Survivors upset at sentence of man in fatal blast

Survivors upset at sentence of man in fatal blast

The survivors of a house explosion last year were not satisfied by Thursday's sentencing of the man
Survivors upset at sentence of man in fatal blast
Steven McComsey was sentenced to 1 to 3 years in state prison on Thursday in Washington County Court in the deaths of six people and injuries to five others in an explosion at a house in Salem.
Photographer: Marc Schultz

The survivors of a house explosion last year were not satisfied by Thursday's sentencing of the man held responsible for the resulting six deaths.

Steven McComsey, 34, was sentenced to 1 to 3 years in prison in connection with the July 13, 2011, explosion in Salem. While he has denied responsibility for the deadly blast, McComsey pleaded no contest last month to one count of criminally negligent homicide as part of an Alford deal. Under the terms of the deal, McComsey admitted he would likely be convicted based on the evidence assembled by the prosecution, but did not admit he caused the explosion.

After the sentencing, Kim Ryan, whose sister Tammy Palmer died in the explosion, was unhappy with the conclusion of this tragedy.

"We didn't even get any closure," she said. "We still wonder, did he do it or is he just accepting this? I don't understand. I don't believe he would have [taken responsibility] if he didn't have anything to do with it."

Investigators believe the explosion was caused by a propane leak in the basement that was ignited by a water heater switch. The eight-count indictment against McComsey concluded he didn't try to kill anyone, but that his reckless actions caused the leak.

Killed in the blast along with Palmer, 41, who was McComsey’s girlfriend, were Darrell Durham, 20; Durham's 2-month-old daughter, Niah; Robert Sanford, 16, McComsey's nephew; Lawrence Berg Jr., 19; and Clarissa Lyn Porlier, 19, who was visiting. The baby's mother, Alicia Berg, who was 21 at the time, was badly injured but survived, as did Brianna Berg, 17, Daniel Wilcox, 43. and Chelsey Wilcox, 15. The Wilcoxes were also visiting the residence.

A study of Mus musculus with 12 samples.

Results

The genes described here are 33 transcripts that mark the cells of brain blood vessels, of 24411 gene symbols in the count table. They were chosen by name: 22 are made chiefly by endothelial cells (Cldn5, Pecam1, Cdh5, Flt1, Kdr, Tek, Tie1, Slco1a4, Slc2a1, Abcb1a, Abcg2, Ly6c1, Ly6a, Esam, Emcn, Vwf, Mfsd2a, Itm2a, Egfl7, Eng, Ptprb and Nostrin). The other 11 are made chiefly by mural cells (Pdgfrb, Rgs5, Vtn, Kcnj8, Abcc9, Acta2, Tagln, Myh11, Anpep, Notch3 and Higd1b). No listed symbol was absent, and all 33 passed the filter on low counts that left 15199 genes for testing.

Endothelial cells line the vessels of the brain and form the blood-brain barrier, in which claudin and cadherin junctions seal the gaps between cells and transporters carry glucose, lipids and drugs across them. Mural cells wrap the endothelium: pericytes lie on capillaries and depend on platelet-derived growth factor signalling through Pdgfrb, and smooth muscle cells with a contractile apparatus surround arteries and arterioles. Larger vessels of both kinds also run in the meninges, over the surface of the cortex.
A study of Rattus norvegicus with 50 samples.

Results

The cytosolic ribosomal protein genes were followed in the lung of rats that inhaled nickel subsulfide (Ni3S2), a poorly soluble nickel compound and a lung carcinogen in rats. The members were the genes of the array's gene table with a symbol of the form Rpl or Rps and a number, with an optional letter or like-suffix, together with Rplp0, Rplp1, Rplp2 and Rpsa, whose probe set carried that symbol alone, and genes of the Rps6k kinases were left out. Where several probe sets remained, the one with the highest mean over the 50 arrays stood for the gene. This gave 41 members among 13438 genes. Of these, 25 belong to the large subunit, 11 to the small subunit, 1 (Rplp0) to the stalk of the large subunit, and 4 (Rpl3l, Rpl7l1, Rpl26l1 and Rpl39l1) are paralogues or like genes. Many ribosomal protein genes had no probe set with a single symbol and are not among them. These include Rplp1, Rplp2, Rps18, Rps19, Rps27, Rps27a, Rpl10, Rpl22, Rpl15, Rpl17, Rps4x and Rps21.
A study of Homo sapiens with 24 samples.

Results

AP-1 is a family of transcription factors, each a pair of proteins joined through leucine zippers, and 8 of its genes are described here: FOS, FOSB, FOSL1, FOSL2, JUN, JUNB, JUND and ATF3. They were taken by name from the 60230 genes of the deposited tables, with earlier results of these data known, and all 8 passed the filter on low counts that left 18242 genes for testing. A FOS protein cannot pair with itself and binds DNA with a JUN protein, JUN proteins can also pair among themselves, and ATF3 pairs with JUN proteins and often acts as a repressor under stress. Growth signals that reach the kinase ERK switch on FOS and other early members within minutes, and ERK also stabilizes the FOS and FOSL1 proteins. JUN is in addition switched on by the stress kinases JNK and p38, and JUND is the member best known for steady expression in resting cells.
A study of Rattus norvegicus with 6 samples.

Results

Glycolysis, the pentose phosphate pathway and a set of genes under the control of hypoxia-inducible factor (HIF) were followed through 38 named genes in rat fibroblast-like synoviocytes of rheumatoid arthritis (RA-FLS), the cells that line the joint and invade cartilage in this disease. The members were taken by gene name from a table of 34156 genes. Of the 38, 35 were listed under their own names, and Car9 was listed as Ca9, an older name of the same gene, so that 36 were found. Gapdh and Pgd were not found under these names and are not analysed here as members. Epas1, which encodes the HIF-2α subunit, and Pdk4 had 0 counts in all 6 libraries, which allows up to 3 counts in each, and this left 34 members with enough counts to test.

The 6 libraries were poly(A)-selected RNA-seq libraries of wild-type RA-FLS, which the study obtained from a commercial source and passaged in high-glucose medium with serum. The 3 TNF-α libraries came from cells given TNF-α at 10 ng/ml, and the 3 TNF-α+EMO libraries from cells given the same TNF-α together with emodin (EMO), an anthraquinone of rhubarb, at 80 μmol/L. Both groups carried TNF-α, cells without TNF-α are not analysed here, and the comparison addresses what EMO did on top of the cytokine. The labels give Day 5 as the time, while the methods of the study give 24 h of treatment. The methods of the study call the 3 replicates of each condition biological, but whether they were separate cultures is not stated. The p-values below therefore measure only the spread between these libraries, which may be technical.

In the courtroom prior to sentencing, Linda Porlier spoke on behalf of her daughter Clarissa, whom she described as her rock.

"Nowhere in any of the parenting classes that I have taken do they prepare you for losing a child," she said. "Lessons on how to bury that precious angel ... do not exist."

The victims' friends and families cried audibly in the courtroom, as Porlier noted how her daughter thought the number 13 was lucky, even though she died on the 13th and McComsey was sentenced on the 13th. She said the loss of her daughter created a void this holiday season and put an end to their plans to open a bakery together.

"No sentence could be long enough," she told the judge. "At least some consequence is better than nothing."

Her only request was that McComsey be denied visitation privileges during his first year of incarceration, as she said it would allow him to feel "some of the same pain that we will live with for the rest of our lives."

McComsey declined to speak on his behalf before sentencing. He also wouldn't hold eye contact with Porlier, which disappointed her and made her feel like he was shirking his responsibility.

After the sentencing, Alicia Berg was emotionally distraught. She cried loudly and complained about the sentencing.

"He took our mother [Tammy Palmer] and my two-month old daughter," Berg said. "I never get to see her crawl or nothing. It's not fair."

After Palmer's death, Ryan revealed that she attempted to cut her own throat because of depression. The failed attempt required 150 stitches.

"I didn't know how to deal with it," she said of losing her sister, who was also her best friend.

Berg's memory of the incident is spotty, recalling a loud screech before the explosion. She had been about to call the fire department after the group in the house had noticed the smell of gas from the basement.

"The next thing I know, I woke up on the ground," Berg said. "Then I heard screaming, popping."

The survivors are still trying to wrap their heads around why McComsey might have messed with the propane in the basement. The consensus was that "he was getting back at the landlord," who they had trouble with, but they couldn't understand why he wouldn't warn them about his plan.

They think he was likely involved, as McComsey initially told Palmer not to call the police when they noticed the gas. Alicia Berg's sister Brianna, 19, said she should have realized at that point that McComsey was responsible for the explosion. She explained that everyone close to McComsey had believed in him and treated him like family, which was why they couldn't initially accept that he was responsible for six deaths.

"It makes me feel like a big fool," she said.

Brianna Berg, who was out of the house at the time of the explosion, still marvels at the fact she was able to survive. The force of the blast knocked her against a car and put a piece of the roof on top of her.

"I was saved by the roof, because there were cinder blocks right on top of the roof where my head would have been," Brianna said.